Students got to try on military uniforms last month at West Boundary Elementary School, when a box of treasures from the National War Museum arrived. (Angela Bragg/Submitted)

Pieces of museum mailed to Boundary classroom

The Canadian War Museum sent a box of Second World War memorabilia to West Boundary Elementary

Students at West Boundary Elementary School got a rare visit from a national museum last month, when a box of Second World War memorabilia arrived in teacher Angela Bragg’s classroom from the National War Museum in Ottawa.

“Once you open a box, there are four sections,” Bragg explained. “It’s like a box of chocolates – everything in it is a surprise!”

From propaganda to paraphernalia and get-ups, students are allowed to grasp, poke and even wear the garments they received on load from the museum. This year, students got to try on military hats, a woman’s naval uniform and a men’s battle dress uniform.

A “big hit” for the kids was the sweetheart jewelry that the museum had tucked into West Boundary’s box.

To explain it to her students, Bragg told her Grade 4’s and 5’s that it was “jewelry that the men would send back homes to their wife or spouse or girlfriend so that they could remember them that they were fighting in the war and that they still had feelings for them and that they were hoping to return.

“I think they have that romantic notion that they like the idea of somebody going off and sending home memento and then returning home with it,” Bragg said of her students.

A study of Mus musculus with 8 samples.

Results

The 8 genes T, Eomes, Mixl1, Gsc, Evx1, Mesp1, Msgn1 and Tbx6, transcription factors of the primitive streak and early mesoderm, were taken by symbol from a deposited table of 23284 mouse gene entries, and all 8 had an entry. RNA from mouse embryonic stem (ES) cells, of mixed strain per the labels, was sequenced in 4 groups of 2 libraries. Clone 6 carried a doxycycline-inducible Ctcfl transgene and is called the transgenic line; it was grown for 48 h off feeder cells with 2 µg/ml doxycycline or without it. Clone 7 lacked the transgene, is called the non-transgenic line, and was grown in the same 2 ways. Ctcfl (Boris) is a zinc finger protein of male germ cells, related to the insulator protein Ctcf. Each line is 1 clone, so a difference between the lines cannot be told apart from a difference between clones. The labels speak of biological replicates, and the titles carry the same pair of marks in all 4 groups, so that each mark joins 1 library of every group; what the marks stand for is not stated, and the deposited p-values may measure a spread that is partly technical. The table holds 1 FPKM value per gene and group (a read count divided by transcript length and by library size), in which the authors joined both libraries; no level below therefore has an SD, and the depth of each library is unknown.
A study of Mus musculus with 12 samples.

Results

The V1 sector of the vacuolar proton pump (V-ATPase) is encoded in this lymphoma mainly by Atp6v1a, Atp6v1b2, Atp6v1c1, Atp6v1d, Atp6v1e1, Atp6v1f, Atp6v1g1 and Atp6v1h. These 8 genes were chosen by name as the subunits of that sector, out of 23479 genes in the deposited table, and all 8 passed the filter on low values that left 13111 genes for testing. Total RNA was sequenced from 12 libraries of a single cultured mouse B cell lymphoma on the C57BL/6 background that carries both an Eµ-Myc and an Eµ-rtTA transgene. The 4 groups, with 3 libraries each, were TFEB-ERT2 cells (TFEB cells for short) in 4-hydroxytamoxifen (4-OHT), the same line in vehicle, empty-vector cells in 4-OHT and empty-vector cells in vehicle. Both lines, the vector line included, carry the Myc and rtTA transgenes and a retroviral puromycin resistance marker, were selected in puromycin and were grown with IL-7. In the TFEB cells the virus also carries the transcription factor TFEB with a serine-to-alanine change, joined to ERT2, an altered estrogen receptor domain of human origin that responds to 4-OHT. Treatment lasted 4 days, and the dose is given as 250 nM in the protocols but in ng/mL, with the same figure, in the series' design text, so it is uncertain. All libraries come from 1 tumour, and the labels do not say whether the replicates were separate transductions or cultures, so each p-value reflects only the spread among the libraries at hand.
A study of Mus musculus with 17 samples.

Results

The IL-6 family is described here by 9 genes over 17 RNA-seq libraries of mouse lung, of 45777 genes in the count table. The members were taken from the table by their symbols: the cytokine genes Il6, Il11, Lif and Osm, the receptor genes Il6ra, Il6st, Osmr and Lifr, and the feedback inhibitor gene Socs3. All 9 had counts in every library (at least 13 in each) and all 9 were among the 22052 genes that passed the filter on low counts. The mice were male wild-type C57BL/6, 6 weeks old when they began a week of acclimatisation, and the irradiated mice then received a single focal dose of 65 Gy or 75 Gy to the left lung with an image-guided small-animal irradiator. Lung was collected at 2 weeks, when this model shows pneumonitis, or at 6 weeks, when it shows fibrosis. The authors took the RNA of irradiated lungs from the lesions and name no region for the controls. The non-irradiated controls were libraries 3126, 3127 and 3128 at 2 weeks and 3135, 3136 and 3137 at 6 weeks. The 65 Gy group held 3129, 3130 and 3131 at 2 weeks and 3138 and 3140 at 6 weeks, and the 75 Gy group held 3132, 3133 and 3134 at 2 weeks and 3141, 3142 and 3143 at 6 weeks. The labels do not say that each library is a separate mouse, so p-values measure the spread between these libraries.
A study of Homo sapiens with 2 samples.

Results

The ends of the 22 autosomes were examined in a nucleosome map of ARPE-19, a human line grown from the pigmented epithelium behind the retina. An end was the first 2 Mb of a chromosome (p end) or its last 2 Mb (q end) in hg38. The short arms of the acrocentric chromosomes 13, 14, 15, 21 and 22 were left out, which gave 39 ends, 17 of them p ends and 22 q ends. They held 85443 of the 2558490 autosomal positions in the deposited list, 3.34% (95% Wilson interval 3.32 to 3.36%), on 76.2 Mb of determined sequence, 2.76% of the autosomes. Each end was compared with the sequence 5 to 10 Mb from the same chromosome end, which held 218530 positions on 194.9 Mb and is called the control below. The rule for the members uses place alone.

Having a Remembrance Day shortly before the box arrived also helped the students connect with what they were finding. Among those who attended was Paul Lautard, a Second World War veteran who left an impact on Bragg’s pupils.

“The kids were super excited to see him because they connected the idea of Mr. Lautard with the box that was about to come to their school,” Bragg said. The students also recalled Lautard’s service badges worn at the ceremony to those they discovered in the war museum’s collection. Two students also brought in their own family treasures from great-grandfathers who served in the Second World War.

Where the kids have already had to pile into school buses to make the hours-long treks to museums before for field trips, Bragg said that the boxed history idea can have a big impact on more rural classrooms.

Not only does the mail-in museum bridge distance, but, Bragg said, “Unlike museums where you can’t touch anything, these are boxes where you can touch everything, try it on, interact with it and put it on your friends.”